Bend your mind with a look at Alexander Wong Architects’ Star X, a movie theatre that will take you on a journey through time and space.
19 November, 2018
On Alexander Wong’s first flight to Xinjiang, China, he was struck by the alien nature of the desert landscapes he saw thousands of feet below him. “It looked like Mars,” says the founder of Alexander Wong Architects.
The otherworldly sand dunes of Urumqi were the beginning of his inspiration for Star X, the second cinema complex Alexander Wong Architects has created for Sunway Movie Park in Urumqi. He and his team looked at NASA’s Mars Rover and its landing on Mars, intending to create something as memorable as the first close-up views of this strange, alien planet – one that Wong, like Elon Musk, believes we will colonise in the not-too-distant future.
“Going to Mars is very similar to what the new world was in the fifteenth century, only 500 years ago,” says Wong. “That migration to the new world was a very important part of human economic growth.”
Now, Wong believes a human migration to Mars will happen “within our lifetime”, for economic and environmental reasons – and also to provide basic sustenance to our ever-growing human population.
In addition to the Mars reference, the design for the 3,200-square-metre, eight-cinema Star X complex draws on sci-fi cinema favourites such as the Star Wars series, which inspired, among other things, the unearthly backlit wall panels in the cinema lobby (they are a reference to the walls in the Death Star hangars).
Other films that get a nod are 2001: A Space Odyssey, Interstellar and Star Trek, to name a few – look hard enough and you might find references to other sci-fi films, too, and, surely, Wong’s trademark commentary on society and our perception of reality.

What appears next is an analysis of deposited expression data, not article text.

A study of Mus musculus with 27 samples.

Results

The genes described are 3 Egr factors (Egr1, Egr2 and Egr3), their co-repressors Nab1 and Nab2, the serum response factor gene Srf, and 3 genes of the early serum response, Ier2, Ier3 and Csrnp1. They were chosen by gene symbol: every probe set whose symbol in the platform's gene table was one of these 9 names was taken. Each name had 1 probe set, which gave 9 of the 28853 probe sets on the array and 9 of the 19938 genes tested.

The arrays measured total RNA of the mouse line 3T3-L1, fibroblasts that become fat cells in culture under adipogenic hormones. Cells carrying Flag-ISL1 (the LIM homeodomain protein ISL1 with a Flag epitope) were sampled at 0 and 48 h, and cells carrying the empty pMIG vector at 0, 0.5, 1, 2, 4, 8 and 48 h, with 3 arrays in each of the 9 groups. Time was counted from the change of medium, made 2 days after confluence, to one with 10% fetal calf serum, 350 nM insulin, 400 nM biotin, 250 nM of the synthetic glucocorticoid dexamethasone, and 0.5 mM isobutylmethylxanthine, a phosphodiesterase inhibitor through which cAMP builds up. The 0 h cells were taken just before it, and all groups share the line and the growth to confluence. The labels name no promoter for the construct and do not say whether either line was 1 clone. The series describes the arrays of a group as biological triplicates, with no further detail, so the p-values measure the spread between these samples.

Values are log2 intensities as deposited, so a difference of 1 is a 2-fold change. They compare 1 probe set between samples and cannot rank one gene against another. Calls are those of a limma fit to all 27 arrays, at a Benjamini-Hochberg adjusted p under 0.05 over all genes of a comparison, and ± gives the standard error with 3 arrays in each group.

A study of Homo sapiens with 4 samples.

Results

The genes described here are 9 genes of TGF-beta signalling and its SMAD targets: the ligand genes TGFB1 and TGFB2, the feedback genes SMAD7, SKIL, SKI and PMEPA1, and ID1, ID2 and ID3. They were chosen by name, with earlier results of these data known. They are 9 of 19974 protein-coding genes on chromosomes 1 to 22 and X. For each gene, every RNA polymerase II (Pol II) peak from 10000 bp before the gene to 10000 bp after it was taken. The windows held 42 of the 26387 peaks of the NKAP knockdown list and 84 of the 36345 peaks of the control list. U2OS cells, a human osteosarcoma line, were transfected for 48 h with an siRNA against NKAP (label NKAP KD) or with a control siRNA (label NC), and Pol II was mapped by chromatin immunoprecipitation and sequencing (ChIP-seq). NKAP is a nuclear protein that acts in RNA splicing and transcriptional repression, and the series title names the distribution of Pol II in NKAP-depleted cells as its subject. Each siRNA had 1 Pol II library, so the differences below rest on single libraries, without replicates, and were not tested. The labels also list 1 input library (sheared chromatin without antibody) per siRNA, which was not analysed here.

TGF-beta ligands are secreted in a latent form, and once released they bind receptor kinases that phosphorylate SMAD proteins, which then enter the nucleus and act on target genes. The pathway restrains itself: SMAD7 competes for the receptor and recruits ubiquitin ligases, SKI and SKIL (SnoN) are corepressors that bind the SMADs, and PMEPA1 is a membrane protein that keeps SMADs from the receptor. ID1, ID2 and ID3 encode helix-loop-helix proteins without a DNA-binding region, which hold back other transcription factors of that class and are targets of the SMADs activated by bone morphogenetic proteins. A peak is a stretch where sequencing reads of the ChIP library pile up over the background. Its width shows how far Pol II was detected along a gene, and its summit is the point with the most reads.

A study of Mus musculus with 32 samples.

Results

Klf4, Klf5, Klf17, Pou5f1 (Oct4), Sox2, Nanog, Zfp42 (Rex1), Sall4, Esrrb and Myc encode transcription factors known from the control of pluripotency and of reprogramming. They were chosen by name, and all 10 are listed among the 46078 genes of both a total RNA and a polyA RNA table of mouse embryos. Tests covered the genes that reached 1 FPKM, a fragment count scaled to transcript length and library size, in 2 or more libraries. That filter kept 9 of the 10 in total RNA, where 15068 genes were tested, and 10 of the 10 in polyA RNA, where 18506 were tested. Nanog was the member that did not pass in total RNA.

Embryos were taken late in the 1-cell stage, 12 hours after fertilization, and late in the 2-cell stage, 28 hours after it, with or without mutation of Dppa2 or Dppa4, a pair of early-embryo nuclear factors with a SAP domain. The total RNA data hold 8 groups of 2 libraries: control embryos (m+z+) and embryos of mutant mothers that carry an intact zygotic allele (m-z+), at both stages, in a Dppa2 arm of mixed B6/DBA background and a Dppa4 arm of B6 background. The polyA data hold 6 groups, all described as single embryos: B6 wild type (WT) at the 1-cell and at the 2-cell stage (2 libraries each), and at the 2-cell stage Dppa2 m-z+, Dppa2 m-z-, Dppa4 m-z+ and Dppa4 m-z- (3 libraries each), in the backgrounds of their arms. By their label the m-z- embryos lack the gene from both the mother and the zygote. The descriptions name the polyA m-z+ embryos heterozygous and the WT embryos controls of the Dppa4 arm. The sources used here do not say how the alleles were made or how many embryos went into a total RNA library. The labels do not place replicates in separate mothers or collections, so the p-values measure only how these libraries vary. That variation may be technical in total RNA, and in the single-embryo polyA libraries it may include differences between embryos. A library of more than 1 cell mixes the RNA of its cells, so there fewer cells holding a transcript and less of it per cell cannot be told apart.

In addition, particle physics makes an appearance in the form of the looping string theory logo, made of Corian. Meanwhile the cinema’s futuristic Super Tree Columns – made using rose-gold metal wires – were inspired by 50-metre-high Supertrees, which provide shade during the day in Singapore’s Gardens by the Bay.
It all adds up to an out-of-this-world experience, but what makes it so mind-bending are the blue rays and mirrored surfaces of the Interstellar Portal, which you will see when you enter the cinema’s bathrooms. It was, of course, inspired by the space-time-bending wormhole in Christopher Nolan’s film, Interstellar.
“It’s like time travel,” says Wong. “We did it in a very retro way with LEDs rather than neon lighting.” Neon was prevalent in the sci-fi films of the 1980s – a decade Wong feels the world’s current political climate has much in common with.
Star X is clearly a project encompassing many eras – future and past – as well as many dimensions. It’s quite a design feat, considering the obstacles along the way. For one, the cinema’s floor plan was made of lots of narrow spaces that made it hard to plan central areas, and to give the space flowing circulation. Also, “there were lots of structural columns everywhere,” says Wong. “We had to make them disappear or hide them seamlessly.”
The mall flooring also created problems, as Alexander Wong Architects had to ensure their design fit stylistically with the look of the mall. “We adapted our design to include the [Death Star-inspired] wall panels in order to make everything match stylistically,” says Wong.
Despite the challenges involved, the end result is fantastical and truly cinematic. Visitors are sure to feel like they have been transported somewhere out into the solar system, or even beyond. And, if Wong is right, that reality might be a lot closer than we think.